The county was counting on putting its name on the proposed complex. Planners want a corporate sponsor.

By SAUNDRA AMRHEIN, Times Staff Writer
© St. Petersburg Times
published October 4, 2002

The way Saddlebrook Resort owner Tom Dempsey pitched it last year, the Pasco National Tennis Center would "globally identify Pasco County as a tennis mecca."

Now, the $5.7-million stadium proposed for Wesley Chapel, which Dempsey hopes will be paid for with tourism tax dollars, might not hold Pasco's name at all. According to plans released Wednesday, naming rights will be up for sale to corporate sponsors and will be "material" to the stadium's profitability.

Without sale of the naming rights in the first half year of the stadium's operation, the building would be in the red. The projected income from naming rights is $50,000, out of a total $183,000 in revenue. The total net surplus during that time is put at $23,000.

The income from naming rights becomes less important with time. By the end of the fourth year, income from naming rights is $61,000 a year out of $629,000 in revenues and $355,000 in net surplus.

The change in plans surprised a few county commissioners Thursday. They long have said their main concern is that the stadium be self-sufficient, not requiring a dime of county money beyond building costs, and that the facility market Pasco's name.

The name "was a big issue," said Commissioner Pat Mulieri, who had not yet read the proposal. "It was supposed to put Pasco on the map."

Dempsey could not be reached for comment Thursday.

Not only does Dempsey's proposal say the stadium will be self-sufficient. It says within five years it will net $355,000.

The naming rights are only part of Dempsey's expected revenue. He's also counting on drawing big international tennis events such as the Davis Cup as well as professional women's tournaments paying up to $650,000 in prize money.

But Commissioner Steve Simon, who has proposed an alternative idea for a multipurpose sports complex, doubted the numbers.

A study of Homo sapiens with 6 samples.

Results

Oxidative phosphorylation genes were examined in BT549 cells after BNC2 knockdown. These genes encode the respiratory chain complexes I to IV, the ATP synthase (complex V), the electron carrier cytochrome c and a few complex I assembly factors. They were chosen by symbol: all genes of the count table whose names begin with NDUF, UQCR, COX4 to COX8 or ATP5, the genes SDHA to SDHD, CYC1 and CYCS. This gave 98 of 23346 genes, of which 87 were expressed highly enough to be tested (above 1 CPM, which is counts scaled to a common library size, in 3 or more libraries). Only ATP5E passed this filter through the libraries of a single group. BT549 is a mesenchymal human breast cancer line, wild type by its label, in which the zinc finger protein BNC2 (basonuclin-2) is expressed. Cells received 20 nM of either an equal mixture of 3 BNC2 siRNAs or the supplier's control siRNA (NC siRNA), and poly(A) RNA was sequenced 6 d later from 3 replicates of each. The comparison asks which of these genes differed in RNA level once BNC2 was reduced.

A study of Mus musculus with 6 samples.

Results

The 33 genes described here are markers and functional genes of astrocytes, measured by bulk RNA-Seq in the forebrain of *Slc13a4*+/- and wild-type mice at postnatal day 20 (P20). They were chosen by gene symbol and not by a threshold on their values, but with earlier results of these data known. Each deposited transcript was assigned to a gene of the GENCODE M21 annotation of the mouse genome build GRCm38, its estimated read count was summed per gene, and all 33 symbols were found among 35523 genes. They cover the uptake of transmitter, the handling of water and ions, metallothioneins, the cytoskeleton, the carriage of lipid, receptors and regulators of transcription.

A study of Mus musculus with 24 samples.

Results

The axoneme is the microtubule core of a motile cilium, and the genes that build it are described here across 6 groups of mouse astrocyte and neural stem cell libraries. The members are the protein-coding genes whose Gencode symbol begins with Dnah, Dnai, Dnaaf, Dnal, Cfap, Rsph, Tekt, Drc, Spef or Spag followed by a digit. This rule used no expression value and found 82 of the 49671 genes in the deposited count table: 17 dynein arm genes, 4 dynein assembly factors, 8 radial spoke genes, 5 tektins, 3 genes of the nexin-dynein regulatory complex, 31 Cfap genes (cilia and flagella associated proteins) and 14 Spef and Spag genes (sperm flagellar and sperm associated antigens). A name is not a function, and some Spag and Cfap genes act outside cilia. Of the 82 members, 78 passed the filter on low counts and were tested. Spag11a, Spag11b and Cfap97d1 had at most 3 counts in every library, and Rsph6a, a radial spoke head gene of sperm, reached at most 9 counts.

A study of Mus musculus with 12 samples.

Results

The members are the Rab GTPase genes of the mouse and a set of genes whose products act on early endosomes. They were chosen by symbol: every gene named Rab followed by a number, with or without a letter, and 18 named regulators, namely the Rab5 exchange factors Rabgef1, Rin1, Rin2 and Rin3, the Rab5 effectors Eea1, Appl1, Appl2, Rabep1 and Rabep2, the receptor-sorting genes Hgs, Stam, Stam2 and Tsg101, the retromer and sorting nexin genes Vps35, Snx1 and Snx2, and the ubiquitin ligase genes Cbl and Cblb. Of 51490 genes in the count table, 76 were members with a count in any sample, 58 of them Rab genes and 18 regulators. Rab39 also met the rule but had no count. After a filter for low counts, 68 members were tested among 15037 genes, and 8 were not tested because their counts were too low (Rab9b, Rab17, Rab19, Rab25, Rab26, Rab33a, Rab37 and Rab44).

"This is all assumptions and no guarantees," Simon said. He worries that the promises of tournaments are flimsy because they are based only on Dempsey's connections in the tennis industry.

Dempsey has said that Saddlebrook guarantees any operating losses and that Pasco County and its taxpayers would not "bear any costs associated with events held at the proposed tennis center."

But Simon said the county might end up backed into a corner, forced to pay to bring tournaments if the stadium can't lure them or watch the stadium sit empty and lose out on tourism tax.

"If you see the thing losing money and he's telling you he can't do anything about it, and you're sitting there with $6-million invested and the sun is cracking the courts, what are you going to do?" Simon said.

Simon also worried about who might be forced to pay for cost overruns in the construction of the stadium.

The proposal was sealed until Wednesday following a request by the county for proposals for the construction of a tennis stadium as an option to spend $5.7-million accumulated from a 2 percent tax on hotel stays.

The past few weeks, Simon has pushed another idea: scrapping the tennis idea and using the money for a multipurpose sports complex.

Mulieri said Thursday she wants to see a formal proposal for a multipurpose sports complex before taking action on Dempsey's tennis proposal.

The commission and the Tourist Development Council are scheduled to meet at 9 a.m. Oct. 10 for a workshop to hear Dempsey's proposal at the Historic County Courthouse in Dade City.

Naming rights was not the only issue in the Dempsey proposal to catch some commissioners' attention.

The stadium calls for 3,500 permanent seats with the ability to expand to 5,000 around a center stadium, surrounded by 14 other tennis courts. Three soccer practice fields would also double as parking during big tennis events.

Commissioner Ann Hildebrand worried about the location. She had not thoroughly read the proposal but said its reliance on the completion of State Road 56 concerned her.

Meadow Pointe developer Don Buck has agreed to donate 15 acres for the site but access to that land is still a concern. Buck has agreed to build two lanes of State Road 56 and a north-south side road that would connect the stadium to State Road 54.

County officials assume they will need two more lanes to handle stadium traffic and the new homes. The question is who is going to pay for that.

"In no way does (the proposal) address all the infrastructure needs that are going to have to be in place," Hildebrand said.

-- Times staffer James Thorner contributed to this story.